Quick Links

Passage To India with Kirsten Le Bon

(L-R )Kirsten Le Bon, Mary from SAVE (Social Awareness and Voluntary Education), Sue Hannaway, Sarah Wirth and Theresa Grantham.

Teaching is about guiding our young learners to become independent individuals. It is about developing an understanding in our students, promoting an atmosphere of academic expectation and being agile and responsive to the needs of a 21st century education.

And it is also very much about our teachers as leaders and expanding their knowledge base. Teachers must themselves be lifelong learners, absorbing new information and sharing their experiences and passions.

At Iona, we encourage our colleagues to explore opportunities for learning, and to bring real-world knowledge back to the classroom.

Kirsten Le Bon, our Head of Technology, was delighted to take up such an opportunity in April, when she travelled to India with the inaugural Seed to Self Journey* to understand the effect the fast-paced fashion retail industry has on India’s growers and weavers.

Travelling alongside Sarah Wirth, from Samuel Marsden Collegiate School and the National Executive Leader at the Home Economics and Technology Teachers’ Association New Zealand (HETANZ) and Sue Hannaway, the regional rep from HETANZ and an educator at Onslow College, Kirsten was keen to experience how social, political and trading issues translate across borders. She also hoped to grow her understanding of one of the largest textile manufacturing countries in the world and the lives of the people who work within it.

“We met with cotton and silk weavers, farmers, and home workers who were working as starch applicators. They all seemed so desperate to see their children avoid the drudgery of these historical trades and instead enter the digital world, which they have been told is ‘the future’,” begins Kirsten. “Private loans are taken out in order to help fund children’s education, so that their sons and daughters can have ‘a better life’, mostly in computer engineering. It made me appreciate that those of us working in New Zealand education have the privilege of promoting ICT every day, for use in learning, working and communication.”

Kirsten is well aware of the appetite for so-called “fast fashion” both in New Zealand and across other first world countries. “This gluttony is a problem we are all responsible for,” she says.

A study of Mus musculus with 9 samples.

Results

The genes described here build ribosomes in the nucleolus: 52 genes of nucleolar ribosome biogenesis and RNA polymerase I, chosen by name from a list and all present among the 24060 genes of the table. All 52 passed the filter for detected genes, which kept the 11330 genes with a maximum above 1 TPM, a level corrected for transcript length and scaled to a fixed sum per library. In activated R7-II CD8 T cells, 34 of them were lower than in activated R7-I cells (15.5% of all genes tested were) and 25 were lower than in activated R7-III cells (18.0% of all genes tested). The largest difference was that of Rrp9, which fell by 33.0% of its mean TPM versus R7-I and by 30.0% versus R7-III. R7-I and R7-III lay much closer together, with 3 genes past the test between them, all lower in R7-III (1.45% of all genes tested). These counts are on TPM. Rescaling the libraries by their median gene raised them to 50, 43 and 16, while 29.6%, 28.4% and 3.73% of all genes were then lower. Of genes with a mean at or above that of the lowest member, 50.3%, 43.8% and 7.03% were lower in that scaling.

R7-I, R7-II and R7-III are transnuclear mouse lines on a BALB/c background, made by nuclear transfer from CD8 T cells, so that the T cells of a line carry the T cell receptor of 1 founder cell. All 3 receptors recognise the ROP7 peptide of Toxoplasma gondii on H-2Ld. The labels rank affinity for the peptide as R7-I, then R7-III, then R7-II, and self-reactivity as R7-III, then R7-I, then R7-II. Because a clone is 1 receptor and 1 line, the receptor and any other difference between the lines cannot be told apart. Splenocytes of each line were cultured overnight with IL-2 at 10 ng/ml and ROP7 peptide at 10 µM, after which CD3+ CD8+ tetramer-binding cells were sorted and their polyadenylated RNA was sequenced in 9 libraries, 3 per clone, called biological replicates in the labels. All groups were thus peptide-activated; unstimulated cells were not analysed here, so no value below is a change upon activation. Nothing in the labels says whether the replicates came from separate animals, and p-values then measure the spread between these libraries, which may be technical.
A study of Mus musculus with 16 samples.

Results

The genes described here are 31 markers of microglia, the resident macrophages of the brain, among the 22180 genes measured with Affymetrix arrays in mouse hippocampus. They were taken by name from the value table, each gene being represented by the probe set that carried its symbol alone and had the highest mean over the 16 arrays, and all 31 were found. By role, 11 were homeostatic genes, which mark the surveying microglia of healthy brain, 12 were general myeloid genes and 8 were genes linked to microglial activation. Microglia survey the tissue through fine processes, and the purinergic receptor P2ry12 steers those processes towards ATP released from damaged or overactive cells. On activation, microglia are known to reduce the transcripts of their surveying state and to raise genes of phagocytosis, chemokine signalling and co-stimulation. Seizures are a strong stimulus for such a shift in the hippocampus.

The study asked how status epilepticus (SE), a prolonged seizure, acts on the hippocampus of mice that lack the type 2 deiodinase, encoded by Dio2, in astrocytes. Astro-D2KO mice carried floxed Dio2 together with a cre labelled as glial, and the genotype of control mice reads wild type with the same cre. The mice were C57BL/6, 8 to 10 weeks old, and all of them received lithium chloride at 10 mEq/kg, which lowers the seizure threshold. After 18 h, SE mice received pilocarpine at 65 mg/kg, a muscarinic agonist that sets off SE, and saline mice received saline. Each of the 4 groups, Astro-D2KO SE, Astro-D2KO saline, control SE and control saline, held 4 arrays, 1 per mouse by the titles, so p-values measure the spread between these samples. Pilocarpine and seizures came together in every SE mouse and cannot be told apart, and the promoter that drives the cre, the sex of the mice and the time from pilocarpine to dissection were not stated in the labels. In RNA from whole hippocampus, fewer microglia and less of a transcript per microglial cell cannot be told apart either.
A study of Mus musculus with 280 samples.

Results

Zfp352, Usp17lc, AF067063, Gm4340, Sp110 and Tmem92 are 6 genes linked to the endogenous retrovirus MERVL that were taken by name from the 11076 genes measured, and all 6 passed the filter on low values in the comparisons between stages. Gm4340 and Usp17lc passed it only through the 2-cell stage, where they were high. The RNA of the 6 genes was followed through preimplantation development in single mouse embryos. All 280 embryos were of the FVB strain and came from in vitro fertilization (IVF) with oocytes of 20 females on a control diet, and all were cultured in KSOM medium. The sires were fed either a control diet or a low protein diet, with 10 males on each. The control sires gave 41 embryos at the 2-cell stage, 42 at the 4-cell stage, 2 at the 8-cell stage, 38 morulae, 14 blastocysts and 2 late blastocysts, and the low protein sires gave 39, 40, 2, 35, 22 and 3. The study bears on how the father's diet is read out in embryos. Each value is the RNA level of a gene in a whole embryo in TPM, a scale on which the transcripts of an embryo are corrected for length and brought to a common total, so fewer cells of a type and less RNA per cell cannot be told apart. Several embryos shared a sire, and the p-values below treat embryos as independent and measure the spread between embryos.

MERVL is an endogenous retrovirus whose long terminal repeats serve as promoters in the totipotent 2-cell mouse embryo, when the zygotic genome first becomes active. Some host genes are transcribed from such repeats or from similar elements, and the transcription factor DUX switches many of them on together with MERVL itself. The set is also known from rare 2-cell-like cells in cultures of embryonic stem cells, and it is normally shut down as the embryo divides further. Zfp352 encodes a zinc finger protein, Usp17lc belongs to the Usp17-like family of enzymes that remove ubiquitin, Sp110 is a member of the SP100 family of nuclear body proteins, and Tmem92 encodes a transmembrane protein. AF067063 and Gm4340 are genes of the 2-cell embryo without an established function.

To observe the pressure this fashion expectation puts on southern Indian farmers was a “challenging experience”. Many had lost huge amounts of money in their crops last year, forcing some to consider a switch from organic to GMO seed to keep pace with demand. “Loans have been taken by some of the farmers and these have been at a massive 50-60% interest rate for lending,” adds Kirsten.

With the fifth anniversary of the Bangladesh factory collapse that claimed more than 1000 lives taking place around the same time as Kirsten’s trip, health and safety practices were as topical as ethical and sustainable ones. “We need to outsmart yesterday’s solutions,” Gijs Spoor, Seed to Self co-ordinator told the group.

“Non-compliance with labour management practice is common in the apparel industry,” Kirsten says, “and even though working conditions have improved, the problems persist. There are countless reports of garment workers who suffer horrific accidents which could easily have been prevented by their employers. I met with courageous women who are changing lives by investing their time in educating the youth in fair trade, creating a voice for the rights of the people.”

Back on New Zealand soil, and sharing her learnings in every way possible in her Iona classroom, Kirsten is grateful to Iona College, the Board of Trustees and the PFA for supporting this teacher scholarship and investing in her professional development.

“I believe it has helped me identify issues we have here in New Zealand with regard to our agricultural industry, our manufacturing industries (or lack of) and labour costs. I can appreciate, and share with my students, some of the challenges our local farmers must face too, when producing raw materials such as merino.

“The hands-on understanding of what life is like for the farmers, makers and artisans in southern India will forever be shared with my students in their learning.”


*The Seed to Self Journey is a journey through the organic cotton regions of Southern  India. Designed to help individuals and industry professionals learn the impact of the current fashion paradigm, and more importantly, the way to weave positive transformation into the fashion industry and the clothes we wear.